Most of us have had some experience with self-improvement efforts. My experience has taught me this about how people and organizations improve: the best place to look is for small changes we could make in things we do often. There is power in steadiness and repetition. And if we can be led by inspiration to choose the right small things to change, consistent obedience will bring great improvement. (“The Lord Will Multiply the Harvest”, An Evening with Elder Henry B. Eyring, 6 February 1998, emphasis added)While the context for Elder Eyring’s talk was improvements in seminary instruction, it seems like it can easily apply to families as well. There are certain things that we do quite often in families, so if we can find small ways to improve in those things, then the effect of the blessing will be multiplied.
What kind of things happen often (or should be happening often) in families?
- Family prayer (daily)
- Family scripture study (daily)
- Personal prayer (daily and more)
- Family Home Evening (weekly)
- Family meals
- Family chores
- Family discipline
- Conversation during family errands and chauffeuring
I know that President Erying’s counsel is wise and true because I’ve been trying an experiment recently, trying to make two small changes in our family. One is in our family scripture study.
Rather than only wrestling on my own with scriptures that puzzle me, I have begun to ask my husband what he thinks about them. I have enough experience with being taught by the Spirit that I know that Heavenly Father will give me answers when I seek them, but I want to make sure that my husband gets opportunities to teach our family about the scriptures, and what better way to do that than to ask him questions about what we are reading? This might sound patronizing, but it’s not. I ask questions on things I don’t know, so we both stretch together as we think about it.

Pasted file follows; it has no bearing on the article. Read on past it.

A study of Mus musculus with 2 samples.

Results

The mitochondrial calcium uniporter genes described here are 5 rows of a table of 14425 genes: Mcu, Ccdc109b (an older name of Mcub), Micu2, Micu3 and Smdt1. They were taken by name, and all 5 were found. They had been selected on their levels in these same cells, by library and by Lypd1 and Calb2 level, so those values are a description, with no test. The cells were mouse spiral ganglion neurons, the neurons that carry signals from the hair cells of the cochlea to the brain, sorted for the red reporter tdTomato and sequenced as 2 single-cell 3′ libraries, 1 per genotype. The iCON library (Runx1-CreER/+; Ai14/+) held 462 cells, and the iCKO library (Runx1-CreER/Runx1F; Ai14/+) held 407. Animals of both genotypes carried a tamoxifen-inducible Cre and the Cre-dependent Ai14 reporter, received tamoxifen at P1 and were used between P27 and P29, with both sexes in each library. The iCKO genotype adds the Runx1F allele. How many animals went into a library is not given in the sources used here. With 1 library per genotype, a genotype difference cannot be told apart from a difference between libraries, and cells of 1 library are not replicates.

From preliminary results of this effort, I’ve noticed that our scripture study is more interesting. It feels like we’ve grown together as a couple. And I notice that my respect for him is increasing.
The second experiment I’ve been trying is in my personal prayers. Last Sunday in sacrament meeting the talks were about “praying like Christ,” and I was once again reminded of just how sporadic my personal prayers were. A scripture was read about how we shouldn’t perform anything unto the Lord unless we had prayed that our performance would be for the welfare of our souls and I started to think about how so often I tend to get distracted in the middle of doing something. I began to wonder what would happen if I prayed before every task I did. I wondered if that would help me keep from getting distracted. I also thought about how much time I spent doing certain things simply because I was trying to procrastinate doing what really needed to be done. I wondered if praying before each task would give me the heart and the will to not procrastinate in the first place.
I’m in my third or fourth day of this particular experiment and I can already see blessings. First, I remember the Lord much more. Second, it has made me more mindful of my motive for doing what I do. If I know I want to look at some websites because I want to waste time, I feel I can’t pray for a blessing on that, and if I can’t pray for that activity to be blessed, then I might as well not look at those websites at all. And I find myself not resenting that because I am intent upon doing my experiment: I want to pray and I want the Lord to bless me. It is automatically improving my priorities. I feel happier. It has also humbled me in a way that it is hard to describe, but which has shown me how little I know and yet I don’t resent it because at the same time I’m gaining this sense of how vast the wisdom of God is. It’s something more than rational and I don’t understand how it works; I only know that frequent prayer has brought it.
What experiment will you try? Or maybe there is something you are doing right now. Will you tell me about it?